Success Of Tort Reform Does Not Include A Reduction In Malpractice!
July 5, 2010
Go figure. The proponents of Tort Reform must think that the average American Citizen is a complete idiot. To show the success of Tort Reform in Texas, they come up with the following:
Successes in the medical community:
* The American Medical Association dropped Texas from its list of states in medical liability crisis (Houston Chronicle, 5/17/05).
* Malpractice claims are down and physician recruitment and retention are up, particularly in high risk specialties (Houston Chronicle, 5/17/05).
* The five largest Texas insurers cut rates, which will save doctors about $50 million, according to the AMA (Houston Chronicle, 5/17/05).
* Malpractice lawsuits in Harris County have dropped to about half of what they were in 2001 and 2002. There were 204 cases filed in 2004, compared with 441 in 2001 and 550 in 2002. There were 1,154 lawsuits filed in 2003, attributed to attorneys trying to file before the new law took effect (Houston Chronicle, 5/17/05).
* Harris County has seen a net gain of 689 physicians, an 8.4 percent increase, according to the Texas State Board of Medical Examiners (Houston Chronicle, 5/17/05).
* Texas Medical Liability Trust, the state’s largest liability carrier, reduced its premiums by 17 percent (Houston Chronicle, 5/17/05).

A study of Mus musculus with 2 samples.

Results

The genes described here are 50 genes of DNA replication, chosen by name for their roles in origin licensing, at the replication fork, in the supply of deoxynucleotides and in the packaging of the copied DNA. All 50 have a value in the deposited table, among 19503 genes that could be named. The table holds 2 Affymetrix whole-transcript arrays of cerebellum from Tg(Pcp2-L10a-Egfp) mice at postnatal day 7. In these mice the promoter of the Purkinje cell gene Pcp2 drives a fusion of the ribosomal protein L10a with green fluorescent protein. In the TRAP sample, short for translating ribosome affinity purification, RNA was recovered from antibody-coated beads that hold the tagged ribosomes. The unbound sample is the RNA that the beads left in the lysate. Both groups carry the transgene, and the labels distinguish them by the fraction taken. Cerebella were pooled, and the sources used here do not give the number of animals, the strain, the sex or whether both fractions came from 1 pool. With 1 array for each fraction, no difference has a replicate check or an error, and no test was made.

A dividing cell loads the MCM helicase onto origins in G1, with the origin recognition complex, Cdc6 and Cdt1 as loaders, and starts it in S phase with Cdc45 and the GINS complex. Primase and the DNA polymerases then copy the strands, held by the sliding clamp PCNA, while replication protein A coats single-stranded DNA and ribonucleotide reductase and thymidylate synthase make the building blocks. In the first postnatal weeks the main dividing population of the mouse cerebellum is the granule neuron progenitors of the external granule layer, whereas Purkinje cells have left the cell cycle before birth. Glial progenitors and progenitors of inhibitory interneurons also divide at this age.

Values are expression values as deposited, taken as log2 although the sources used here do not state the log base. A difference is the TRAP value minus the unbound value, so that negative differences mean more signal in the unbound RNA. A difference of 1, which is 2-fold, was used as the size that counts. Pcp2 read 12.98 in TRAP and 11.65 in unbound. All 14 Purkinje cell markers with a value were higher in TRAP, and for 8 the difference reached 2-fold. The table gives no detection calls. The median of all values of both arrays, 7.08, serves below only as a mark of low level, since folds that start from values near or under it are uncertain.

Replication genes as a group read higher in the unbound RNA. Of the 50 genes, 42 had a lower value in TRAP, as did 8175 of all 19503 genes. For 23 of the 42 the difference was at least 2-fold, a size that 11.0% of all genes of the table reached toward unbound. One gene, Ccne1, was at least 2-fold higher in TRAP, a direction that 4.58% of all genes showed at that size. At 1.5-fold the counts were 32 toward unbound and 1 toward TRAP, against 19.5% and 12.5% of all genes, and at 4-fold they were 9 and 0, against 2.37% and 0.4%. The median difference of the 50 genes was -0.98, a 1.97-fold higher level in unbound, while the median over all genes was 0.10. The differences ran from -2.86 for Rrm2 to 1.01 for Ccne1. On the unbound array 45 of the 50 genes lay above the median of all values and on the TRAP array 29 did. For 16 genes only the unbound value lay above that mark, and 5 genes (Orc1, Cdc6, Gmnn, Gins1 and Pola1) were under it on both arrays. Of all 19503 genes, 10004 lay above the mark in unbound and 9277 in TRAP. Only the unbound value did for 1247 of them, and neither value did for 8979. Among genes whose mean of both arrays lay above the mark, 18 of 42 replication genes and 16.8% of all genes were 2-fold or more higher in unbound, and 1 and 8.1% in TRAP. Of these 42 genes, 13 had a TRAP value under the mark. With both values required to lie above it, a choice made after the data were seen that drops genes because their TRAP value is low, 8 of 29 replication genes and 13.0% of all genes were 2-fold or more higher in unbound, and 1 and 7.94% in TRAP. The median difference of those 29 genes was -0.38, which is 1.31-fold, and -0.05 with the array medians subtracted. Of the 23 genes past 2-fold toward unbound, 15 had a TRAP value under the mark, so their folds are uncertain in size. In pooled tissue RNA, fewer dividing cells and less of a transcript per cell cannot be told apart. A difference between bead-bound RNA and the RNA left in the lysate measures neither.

* Fifteen new insurance companies have entered the Texas market (Associated Press, 2/16/05).
* Health Care Indemnity, the state’s largest carrier for hospitals, cut rates by 15 percent in 2004 (Associated Press, 2/16/05).
* American Physicians Insurance Exchange and The Doctor’s Company also reduced premiums (Associated Press, 2/16/05).
* The American Physicians Insurance Exchange saw a $3.5 million reduction in premiums for Texas physicians in 2005. In addition, beginning May 1, 2005, 2,2000 of the 3,500 physicians insured by the company would see an average drop of 5 percent in their premiums (The Heartland Institute, 5/1/05).
So, all this is very good but, where are the statistics showing reduction in medical malpractice and/or negligence committed by doctors and/or reduction in injuries and death directly caused by a doctor’s negligence? There is nothing about that!!!
So, let’s parse this down. If you limit access to the courthouse by people who have been injured as the result of someone’s negligence, then there will be less lawsuits filed. Duhhhh!! No kidding. As I have said before, perhaps we can fight wrongful death lawsuits caused by drunk drivers by giving drunk drivers immunity! That is exactly how Tort Reform works: it gives the negligent doctors a pass and in fact immunity against the result of their negligence… Does that make sense? Of course not.